Contributions to Zoology, 86 (1) – 2017Vincent Nijman; Daniel Bergin: Reptiles traded in markets for medicinal purposes in contemporary Morocco


Over 95% of spur-thighed tortoises observed in trade were alive and intended to be sold as pets. The largest numbers were offered for sale as pets in Marrakesh and Casablanca, where they were often displayed in large plastic boxes in front of the shops. We recorded 57 carapaces, found in eight of the 20 cities surveyed. The highest numbers we recorded were in Marrakesh and Casablanca, both with up to 10 carapaces per survey, but generally numbers of carapaces were low.

The most commonly traded reptile was the Mediterranean chameleon, which was offered for sale in half of the markets surveyed. We recorded 720 individuals, 214 of them alive and 506 dried and stuffed. Numbers were highest in Marrakesh (74 alive, 282 dried, recorded in each survey with up to 237 per survey) and Casablanca (24 alive, 159 dried, recorded in each survey with up to 106 per survey), but the species is also frequently traded in Rabat (61 alive, none dried, recorded in all but one survey with up to 32 per survey). We recorded chameleons only once out of six surveys when we found 55 dried specimens in Meknes in April 2014. There was a clear relationship between the number of herbal shops in a city and the number of chameleons that were offered for sale (r = 0.58, n = 14, P = 0.03; Fig. 4).

Bell’s Dabb lizards were traded in significant quantities in 10 cities: 428 individuals (181 live, 247 dried or stuffed), with highest numbers in Marrakesh (98 live, 100 dried) and Meknes (42 live, 30 dried). Just as with chameleons, there was a clear relationship between the number of herbal shops in a city and the number of Bell’s Dabb lizards that are offered for sale (r = 0.66, n = 14, P = 0.01; Fig. 5). We were informed that burning them was helpful for your eyes and that keeping one in a new house brought good luck.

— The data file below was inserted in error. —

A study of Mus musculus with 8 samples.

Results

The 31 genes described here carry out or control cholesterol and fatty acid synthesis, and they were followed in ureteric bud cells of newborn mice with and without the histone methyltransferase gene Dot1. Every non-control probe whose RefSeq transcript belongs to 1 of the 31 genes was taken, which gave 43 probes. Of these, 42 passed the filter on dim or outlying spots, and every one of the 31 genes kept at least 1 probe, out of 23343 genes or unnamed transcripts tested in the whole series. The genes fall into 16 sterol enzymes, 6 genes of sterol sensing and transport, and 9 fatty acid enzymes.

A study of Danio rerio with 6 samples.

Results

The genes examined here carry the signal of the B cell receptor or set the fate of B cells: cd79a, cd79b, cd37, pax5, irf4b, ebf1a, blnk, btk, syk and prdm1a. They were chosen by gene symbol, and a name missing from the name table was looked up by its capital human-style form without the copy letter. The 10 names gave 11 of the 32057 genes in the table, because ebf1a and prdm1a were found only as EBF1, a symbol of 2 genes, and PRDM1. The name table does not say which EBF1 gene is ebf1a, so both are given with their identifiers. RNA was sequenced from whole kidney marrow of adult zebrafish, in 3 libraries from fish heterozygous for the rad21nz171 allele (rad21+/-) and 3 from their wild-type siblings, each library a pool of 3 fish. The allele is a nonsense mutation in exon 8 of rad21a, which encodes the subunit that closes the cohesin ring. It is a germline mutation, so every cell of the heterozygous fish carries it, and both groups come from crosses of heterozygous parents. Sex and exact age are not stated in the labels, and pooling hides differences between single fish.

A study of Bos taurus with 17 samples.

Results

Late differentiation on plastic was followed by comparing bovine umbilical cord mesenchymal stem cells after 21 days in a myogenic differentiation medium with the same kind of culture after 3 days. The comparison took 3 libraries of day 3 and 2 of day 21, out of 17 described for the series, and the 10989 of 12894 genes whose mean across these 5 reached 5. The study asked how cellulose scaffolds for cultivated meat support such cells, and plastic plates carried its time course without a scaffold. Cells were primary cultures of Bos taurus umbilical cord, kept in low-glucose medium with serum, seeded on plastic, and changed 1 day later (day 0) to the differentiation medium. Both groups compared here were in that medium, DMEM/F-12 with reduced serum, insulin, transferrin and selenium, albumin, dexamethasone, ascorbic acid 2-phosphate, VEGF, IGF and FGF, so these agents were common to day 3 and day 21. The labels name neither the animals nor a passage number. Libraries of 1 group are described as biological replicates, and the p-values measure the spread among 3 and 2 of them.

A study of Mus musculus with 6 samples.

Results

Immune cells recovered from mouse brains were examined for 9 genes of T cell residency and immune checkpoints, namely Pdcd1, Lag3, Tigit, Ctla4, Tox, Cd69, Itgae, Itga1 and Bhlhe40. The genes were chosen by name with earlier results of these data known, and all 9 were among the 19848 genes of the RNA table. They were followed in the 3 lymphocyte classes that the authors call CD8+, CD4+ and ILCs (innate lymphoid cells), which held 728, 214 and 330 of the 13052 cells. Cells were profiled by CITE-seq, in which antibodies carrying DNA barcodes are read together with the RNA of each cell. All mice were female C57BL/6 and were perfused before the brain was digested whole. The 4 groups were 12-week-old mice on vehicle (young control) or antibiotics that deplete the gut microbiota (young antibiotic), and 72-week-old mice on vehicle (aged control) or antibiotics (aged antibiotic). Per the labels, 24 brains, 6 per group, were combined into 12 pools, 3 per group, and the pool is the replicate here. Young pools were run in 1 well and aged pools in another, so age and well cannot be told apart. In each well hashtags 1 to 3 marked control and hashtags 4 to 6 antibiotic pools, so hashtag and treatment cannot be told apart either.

Fig. 5. Relationship between the number of herbal shops in a city and the mean number of Mediterranean chameleons (open squares, upper regression line) and Bell’s Dabb lizards (filled circles, lower regression line) for sale in 14 cities where reptiles are sold for medicinal purposes. Data are log-transformed. The maximum number of herbal shops was 41, the maximum number of Mediterranean chameleon was 71.2 individuals, and the maximum number of Bell’s Dabb lizard was 39.6 individuals, all in Marrakesh.

We recorded small numbers of desert monitor lizards, with one live individual in Meknes, two live individuals in Marrakesh, five stuffed in Sale, and four stuffed in Fez. One vendor had a bottle with liquid in which he claimed there were monitor lizard parts, advertised as Sahara Medicine, but we were unable to verify whether or not the species was indeed bottled. Desert monitor lizard parts were said to increase virility.

We observed Egyptian cobras, puff adders and other unidentified snakes in Marrakesh (81 live specimens) and in Meknes (14 specimens) only. We were not able to determine how the snakes were used when alive, although they may have been displayed to draw in the crowds. We saw African rock python skins in eight of the 20 cities. The largest numbers we observed were in Marrakesh (122), Fez (32), and Rabat (17). We observed 52 Nile crocodiles, either as skins (27) or as stuffed specimens (25) and we observed the highest numbers in Fez (18) and Marrakesh (22). African rock python skins have been used as relief for asthma, but it is unclear what medical uses skins or the stuffed crocodiles have.